Competition to supply free oral anticoagulants
DESPITE a pending government-ordered report on new oral anticoagulants, sponsors are pushing ahead with marketing their products with a second product familiarisation program (PFP) set to roll out.
Bayer announced last week it would offer free rivaroxaban (Xarelto) to selected patients under a PFP, while Boehringer Ingelheim (BI) said its first-to-market rival drug dabigatran (Pradaxa), was set to extend its PFP for another three months.
But the National Prescribing Service (NPS) has urged GPs to be cautious in switching to the warfarin alternatives.
“It would be useful if the PFPs were rolled out when we know that the product will be subsidised by the PBS and when we have a time frame for that decision,” NPS CEO Dr Lynn Weekes told MO.
“We are advising doctors that if they have patients who are stable on warfarin and tolerating it well, they should not be switched to another anticoagulant at the moment.
“Patients who have been on dabigatran as part of the PFP should remain on that treatment, provided they are not experiencing adverse effects.”
In a submission to the Sansom review into anticoagulant therapies for atrial fibrillation (AF), the NPS warned that better monitoring and GP support was needed when PFPs were implemented in primary care.The RACGP also criticised precipitate marketing of dabigatran.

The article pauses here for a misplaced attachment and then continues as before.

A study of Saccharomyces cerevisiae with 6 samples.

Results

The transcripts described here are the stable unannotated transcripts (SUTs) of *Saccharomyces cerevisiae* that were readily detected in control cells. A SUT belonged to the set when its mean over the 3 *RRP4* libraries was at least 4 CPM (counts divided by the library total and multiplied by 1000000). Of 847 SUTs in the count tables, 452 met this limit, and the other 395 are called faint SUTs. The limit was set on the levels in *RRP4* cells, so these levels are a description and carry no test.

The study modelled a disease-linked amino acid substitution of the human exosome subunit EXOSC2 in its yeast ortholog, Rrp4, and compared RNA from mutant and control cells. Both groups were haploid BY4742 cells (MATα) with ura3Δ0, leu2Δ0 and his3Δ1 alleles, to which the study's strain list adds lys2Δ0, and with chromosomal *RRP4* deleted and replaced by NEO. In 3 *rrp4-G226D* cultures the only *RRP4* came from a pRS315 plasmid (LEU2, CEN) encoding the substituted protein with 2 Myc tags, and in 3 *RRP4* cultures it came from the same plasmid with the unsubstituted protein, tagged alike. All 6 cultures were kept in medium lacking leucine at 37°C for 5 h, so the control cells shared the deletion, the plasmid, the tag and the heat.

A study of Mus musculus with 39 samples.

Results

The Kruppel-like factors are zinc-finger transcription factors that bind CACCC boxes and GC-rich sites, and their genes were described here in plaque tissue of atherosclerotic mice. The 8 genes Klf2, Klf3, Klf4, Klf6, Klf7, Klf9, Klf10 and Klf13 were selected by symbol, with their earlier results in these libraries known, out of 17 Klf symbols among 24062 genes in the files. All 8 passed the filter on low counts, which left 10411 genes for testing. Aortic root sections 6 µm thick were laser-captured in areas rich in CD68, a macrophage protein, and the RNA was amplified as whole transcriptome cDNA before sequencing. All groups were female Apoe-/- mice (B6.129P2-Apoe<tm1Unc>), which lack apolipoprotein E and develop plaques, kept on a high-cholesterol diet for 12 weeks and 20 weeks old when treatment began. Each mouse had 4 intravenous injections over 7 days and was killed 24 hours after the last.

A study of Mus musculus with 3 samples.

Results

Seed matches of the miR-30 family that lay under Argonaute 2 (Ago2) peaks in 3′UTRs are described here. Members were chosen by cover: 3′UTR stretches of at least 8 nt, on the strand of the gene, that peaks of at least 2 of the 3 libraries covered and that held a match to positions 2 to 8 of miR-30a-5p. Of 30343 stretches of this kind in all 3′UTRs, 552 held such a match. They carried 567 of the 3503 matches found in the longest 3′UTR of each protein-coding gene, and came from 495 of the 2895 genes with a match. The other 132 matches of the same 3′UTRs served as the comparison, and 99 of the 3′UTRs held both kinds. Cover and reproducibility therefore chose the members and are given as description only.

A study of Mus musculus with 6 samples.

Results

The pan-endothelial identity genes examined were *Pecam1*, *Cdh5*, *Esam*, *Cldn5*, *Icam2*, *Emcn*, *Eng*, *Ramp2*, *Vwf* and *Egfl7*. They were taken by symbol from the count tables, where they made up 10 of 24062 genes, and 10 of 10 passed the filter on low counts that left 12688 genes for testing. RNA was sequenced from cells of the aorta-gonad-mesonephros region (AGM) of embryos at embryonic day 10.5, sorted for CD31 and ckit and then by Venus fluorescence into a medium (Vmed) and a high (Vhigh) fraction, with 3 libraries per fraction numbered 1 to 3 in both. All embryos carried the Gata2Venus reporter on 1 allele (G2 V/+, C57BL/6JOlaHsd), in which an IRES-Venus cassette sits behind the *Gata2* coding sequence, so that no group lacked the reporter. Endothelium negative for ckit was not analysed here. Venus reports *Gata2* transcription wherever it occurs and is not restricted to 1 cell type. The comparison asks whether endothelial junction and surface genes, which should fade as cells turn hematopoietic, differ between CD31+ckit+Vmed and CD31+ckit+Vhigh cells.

But Dr Evan Ackermann, the chair of the RACGP national standing committee on quality care said last week that GPs should continue to prescribe anticoagulants in patients with AF according to stroke risk.
“GPs should use the CHADS2 score,” he said.
Bayer said last week that rivaroxaban would be available to selected patients from May through to December 2013 for PBS reimbursement, whichever came first.
Rivaroxaban was approved for the prevention of stroke and systemic embolism in patients with non-valvular AF and at least one additional stroke risk factor, and for the treatment of DVT and prevention of recurrent DVT and PE.
At its March meeting the PBAC gave rivaroxaban a positive recommendation for the latter but rejected Bayer’s submission for listing on the AF indication. A Bayer spokesperson said another submission would be made.
Meanwhile BI backflipped on its previous decision to end the free supply of dabigatran to 25,000 AF patients enrolled in their PFP on 1 June 2012, announcing last week that it would extend the program until 1 October 2012.